The history
of a fruit

Carried from China along the Silk Road, plum trees flourished all over the Mediterranean basin under the aegis of the Greeks and Romans. The fruits were dried in the sun or in bakers’ ovens, depending on the region, transforming them into prunes. Prunes are highly nutritious dried fruits with a very long shelf life, making them ideal sustenance during times of poor harvests or for long sea or land journeys. Prunes have been appreciated for thousands of years due to their nutritional, dietary and medical properties, and were prescribed by Greek, Roman and Arab doctors. A number of writers incorporated them into their works, too: Archilochus Pollux, Virgil, Pliny the Elder, Xenophon, Hippocrates, Gallienus, Dioscorides, Palladius Rutilius Taurus, Avicenna, Ibn al-Baitar, Cohen Al Attar, Mesué Damascae...
The Romans planted the first varieties of plum in Gaul, in the Narbonnaise province which stretched all the way to modern-day Quercy, near Agen. These varieties included the Saint Antonin, also known as the Maurine. This little blue plum is certainly the oldest variety and the most widely cultivated, producing a very dark and modestly sized prune.

It was only in the 12th century that, upon their return from the 3rd Crusade, the Benedictine monks of the Abbaye de Clairac in the Lot Valley (between Agen and Villeneuve) were inspired to graft the new Damas plums from Syria onto the local varieties. This was the birth of a new variety of plum, known as the Prune d’Ente (from the Old French “enter”, meaning to graft).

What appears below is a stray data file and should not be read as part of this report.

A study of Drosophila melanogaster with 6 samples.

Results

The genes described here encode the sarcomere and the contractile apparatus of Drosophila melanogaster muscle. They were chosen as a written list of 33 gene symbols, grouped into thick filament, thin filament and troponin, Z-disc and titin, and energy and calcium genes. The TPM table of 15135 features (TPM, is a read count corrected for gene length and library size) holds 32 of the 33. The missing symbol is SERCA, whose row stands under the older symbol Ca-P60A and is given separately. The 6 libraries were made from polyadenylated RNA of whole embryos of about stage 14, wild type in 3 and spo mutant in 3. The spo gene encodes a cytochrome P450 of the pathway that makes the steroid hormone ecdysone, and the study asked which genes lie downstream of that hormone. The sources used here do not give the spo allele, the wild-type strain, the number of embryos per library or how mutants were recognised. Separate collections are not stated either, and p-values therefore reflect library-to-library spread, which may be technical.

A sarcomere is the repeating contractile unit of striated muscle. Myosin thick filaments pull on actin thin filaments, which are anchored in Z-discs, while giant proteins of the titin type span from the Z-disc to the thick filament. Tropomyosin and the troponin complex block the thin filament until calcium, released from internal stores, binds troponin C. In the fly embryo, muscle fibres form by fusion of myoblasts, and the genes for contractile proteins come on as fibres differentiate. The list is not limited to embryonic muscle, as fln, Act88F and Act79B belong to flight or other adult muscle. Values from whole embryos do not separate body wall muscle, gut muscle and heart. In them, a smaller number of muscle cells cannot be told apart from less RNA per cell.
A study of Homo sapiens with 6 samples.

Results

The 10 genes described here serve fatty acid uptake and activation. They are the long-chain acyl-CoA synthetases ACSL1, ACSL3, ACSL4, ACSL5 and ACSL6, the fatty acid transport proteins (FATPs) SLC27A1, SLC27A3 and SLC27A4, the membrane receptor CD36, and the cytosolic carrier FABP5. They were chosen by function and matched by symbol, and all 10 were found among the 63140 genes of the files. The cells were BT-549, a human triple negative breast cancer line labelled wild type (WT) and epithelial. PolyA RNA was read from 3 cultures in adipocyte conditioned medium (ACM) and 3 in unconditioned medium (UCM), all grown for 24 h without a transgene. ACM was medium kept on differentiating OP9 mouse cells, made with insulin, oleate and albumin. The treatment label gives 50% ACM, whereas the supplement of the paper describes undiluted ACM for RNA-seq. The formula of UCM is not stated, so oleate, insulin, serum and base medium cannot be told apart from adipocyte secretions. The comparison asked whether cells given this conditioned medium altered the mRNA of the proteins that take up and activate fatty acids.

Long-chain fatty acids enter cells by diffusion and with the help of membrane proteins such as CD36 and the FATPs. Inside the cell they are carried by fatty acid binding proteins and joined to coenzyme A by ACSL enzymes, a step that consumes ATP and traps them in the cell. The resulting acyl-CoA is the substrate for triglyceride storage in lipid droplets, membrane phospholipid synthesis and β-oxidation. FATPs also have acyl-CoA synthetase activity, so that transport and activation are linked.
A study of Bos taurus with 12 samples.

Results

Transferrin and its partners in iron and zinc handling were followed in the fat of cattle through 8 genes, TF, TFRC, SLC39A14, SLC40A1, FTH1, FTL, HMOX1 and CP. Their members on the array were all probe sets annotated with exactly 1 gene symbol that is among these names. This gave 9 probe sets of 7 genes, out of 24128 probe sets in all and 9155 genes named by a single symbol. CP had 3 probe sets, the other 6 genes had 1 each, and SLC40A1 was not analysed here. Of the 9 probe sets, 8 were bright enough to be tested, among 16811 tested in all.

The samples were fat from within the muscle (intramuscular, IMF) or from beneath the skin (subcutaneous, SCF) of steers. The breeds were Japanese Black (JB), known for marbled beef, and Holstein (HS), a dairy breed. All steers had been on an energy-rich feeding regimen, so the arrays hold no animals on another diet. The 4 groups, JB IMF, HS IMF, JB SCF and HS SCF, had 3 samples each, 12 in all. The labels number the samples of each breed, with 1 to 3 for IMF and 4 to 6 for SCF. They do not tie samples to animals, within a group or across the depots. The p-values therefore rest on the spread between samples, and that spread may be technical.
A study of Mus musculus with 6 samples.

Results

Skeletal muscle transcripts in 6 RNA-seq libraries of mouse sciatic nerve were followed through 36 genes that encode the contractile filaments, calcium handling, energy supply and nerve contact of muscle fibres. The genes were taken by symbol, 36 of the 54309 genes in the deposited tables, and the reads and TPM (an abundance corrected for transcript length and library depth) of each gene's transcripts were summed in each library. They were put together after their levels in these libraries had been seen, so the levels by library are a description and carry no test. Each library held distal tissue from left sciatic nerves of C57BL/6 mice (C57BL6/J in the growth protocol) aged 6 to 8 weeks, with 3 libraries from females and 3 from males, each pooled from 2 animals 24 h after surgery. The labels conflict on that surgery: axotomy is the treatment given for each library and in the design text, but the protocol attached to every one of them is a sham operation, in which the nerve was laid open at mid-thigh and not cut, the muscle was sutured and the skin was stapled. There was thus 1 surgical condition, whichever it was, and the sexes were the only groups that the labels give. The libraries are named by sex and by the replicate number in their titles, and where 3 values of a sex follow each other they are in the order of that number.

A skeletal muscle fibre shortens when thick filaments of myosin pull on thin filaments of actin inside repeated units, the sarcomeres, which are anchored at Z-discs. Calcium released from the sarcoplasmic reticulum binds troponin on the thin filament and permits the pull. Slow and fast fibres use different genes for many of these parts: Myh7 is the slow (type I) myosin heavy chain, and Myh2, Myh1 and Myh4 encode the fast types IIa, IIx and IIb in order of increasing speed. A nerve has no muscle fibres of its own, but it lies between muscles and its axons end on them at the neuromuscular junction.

This new variety of fine-skinned, mauve-blue plums with a white bloom (the fine, slightly powdery and waxy layer) was well adapted to the soil and climate of the south-west, and to the local drying conditions. The new type of prune, made from these plums, was large and delicately flavoured and scented. The future Agen prune was born! And thanks to the port on the Garonne river, Agen soon became the central hub for prune exports. These prunes were loaded onto the “gabarres”, little towed or wind-powered vessels which transported their merchandise to Bordeaux where they could be taken aboard larger, sea-faring ships. And as the fruit was stamped with the name of its port of origin, they became known as “Pruneaux d’Agen”.

The winter of 1709 was harsh, with freezing temperatures destroying a great many plum trees. This pushed plum growers further west, into the Villeneuvois and Agenais regions where the climate was milder. Additionally, the clay and limestone soil of the Guyenne and Gascogne made this part of the south-west, along the valleys and banks of the Garonne and Lot rivers, the perfect place to produce Agen prunes.

It was the superfood of its day; easily stored and packed with energy, fibre, vitamins and minerals, the Agen plum was immensely popular from the 17th century to the end of the 19th. Agen prunes were a staple on board Navy sailing ships, and later on the merchant steamboats. These stocks of prunes were taken around the world, to every continent, where they were appreciated by sailors for their flavour and nutrients. They even cooked with them, mixing the prunes with a batter made from flour and eggs and creating the famous Breton far aux pruneaux.